When you’re talking about a building renovation and you hear the word “demolition,” you probably picture crews wielding crowbars and jackhammers with reckless abandon. Sometimes, however, the initial stage of a renovation project calls for a lighter touch. Exploratory demolition, or partial demolition, is used when there are elements in an existing building that need to be exposed in order for the project team to observe their condition and determine if they need to be repaired, modified, or replaced.
What’s Revealed by Exploratory Demolition?
Exploratory demolition is performed carefully and with very specific goals in mind. In particular, it is used to uncover and provide insight into:
- Structural systems. Are they in good condition or do they need reinforcement? Are they adequate for the building’s new use? Can we expose and feature them?
- Mechanical/electrical/plumbing systems. What types are in use, and where are they located? Are they still usable, or will they need to be replace?
- Architectural elements. What’s above the dropped ceiling? Are there important elements obscured by walls or floors? Are there original materials we can uncover and restore?
By gaining a better understanding of a building’s composition, we can find more effective design solutions and upgrades. And in some cases, we may recommend exposing unique or historic features to give a space more visual interest and character. The more information we have, the more accurately we can scope the work.
Real-World Examples of Exploratory Demolition
We use exploratory demolition on a regular basis to help us develop our designs. Some recent projects where it has been particularly helpful include:
The early demolition of the ceiling and wall finishes of a historic home to be converted to a gathering space gave us a better understanding of the structure. In this case, we will be cutting through the second floor to create a double-height debate floor space and we will be reinsulating the exterior building envelope.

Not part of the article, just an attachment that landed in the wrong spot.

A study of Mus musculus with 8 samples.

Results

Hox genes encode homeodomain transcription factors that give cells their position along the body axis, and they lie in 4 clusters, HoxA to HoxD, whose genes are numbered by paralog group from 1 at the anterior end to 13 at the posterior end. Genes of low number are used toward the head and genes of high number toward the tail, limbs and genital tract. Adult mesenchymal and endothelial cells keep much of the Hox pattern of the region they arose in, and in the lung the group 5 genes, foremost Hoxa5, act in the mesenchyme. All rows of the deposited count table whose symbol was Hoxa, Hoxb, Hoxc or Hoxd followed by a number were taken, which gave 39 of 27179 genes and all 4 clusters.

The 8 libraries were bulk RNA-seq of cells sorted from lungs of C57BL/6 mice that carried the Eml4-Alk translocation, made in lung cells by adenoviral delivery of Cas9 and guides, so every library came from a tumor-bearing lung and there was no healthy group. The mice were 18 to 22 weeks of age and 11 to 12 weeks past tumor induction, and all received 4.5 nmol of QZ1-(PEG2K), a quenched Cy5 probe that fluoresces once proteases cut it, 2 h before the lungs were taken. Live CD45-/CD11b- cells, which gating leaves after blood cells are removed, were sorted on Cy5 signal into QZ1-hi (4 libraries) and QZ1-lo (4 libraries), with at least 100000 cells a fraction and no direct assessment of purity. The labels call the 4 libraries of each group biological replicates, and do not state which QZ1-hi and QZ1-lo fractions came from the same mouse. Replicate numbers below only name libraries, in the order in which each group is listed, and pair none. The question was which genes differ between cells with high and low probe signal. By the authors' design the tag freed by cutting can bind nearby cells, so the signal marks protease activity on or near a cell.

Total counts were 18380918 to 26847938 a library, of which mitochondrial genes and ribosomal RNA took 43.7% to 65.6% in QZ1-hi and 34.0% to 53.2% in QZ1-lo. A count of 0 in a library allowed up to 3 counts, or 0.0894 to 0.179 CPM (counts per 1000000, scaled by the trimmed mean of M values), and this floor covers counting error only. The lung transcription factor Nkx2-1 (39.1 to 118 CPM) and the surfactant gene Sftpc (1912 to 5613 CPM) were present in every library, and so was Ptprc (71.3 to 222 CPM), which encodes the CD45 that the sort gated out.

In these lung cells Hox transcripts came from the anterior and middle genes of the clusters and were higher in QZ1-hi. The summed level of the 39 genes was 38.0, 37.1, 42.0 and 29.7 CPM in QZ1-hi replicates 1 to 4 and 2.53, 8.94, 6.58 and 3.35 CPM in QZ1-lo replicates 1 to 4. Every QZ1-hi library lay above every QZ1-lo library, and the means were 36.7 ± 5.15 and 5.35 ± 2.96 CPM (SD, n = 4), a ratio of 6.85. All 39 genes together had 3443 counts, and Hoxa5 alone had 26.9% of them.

Most of the structure in the attic of this historic home is exposed, but an early demo of certain areas of the floor helped us determine the structural capacity of the existing floor. This allowed us to locate and design proper shelving for a home office’s large book collection.
We removed wall finishes to reveal the original oak paneling of the old Taft Dining Room. We also tore up layers of tile, linoleum, and carpet, discovering an original mosaic floor from the 1920s. In both cases, our design adjusted to restore and celebrate these elements.
Adapting Our Demo to Project Parameters
The extend of demolition depends on the situation. If the project involves an unoccupied building, the contractor we’re working with will often remove a significant amount of existing finishes to allow us to do our assessment, as we know the material will be coming out eventually. In an occupied structure, we try to be less invasive, creating holes in walls, floors, or ceilings just big enough to allow us to see inside. In fact, in some cases, we create just a very small hole that admits a tiny camera.
However we go about it, exploratory demolition is a useful process for helping us strategically tackle a design challenge. Often, the first challenge is reassuring clients that we’re not talking about wholesale destruction! But once they’re comfortable with the idea, this process ensures that the designs we develop leverage the best aspects of an existing space, even as we update it to new use.
If you have questions about our architectural design services, please contact us at your convenience.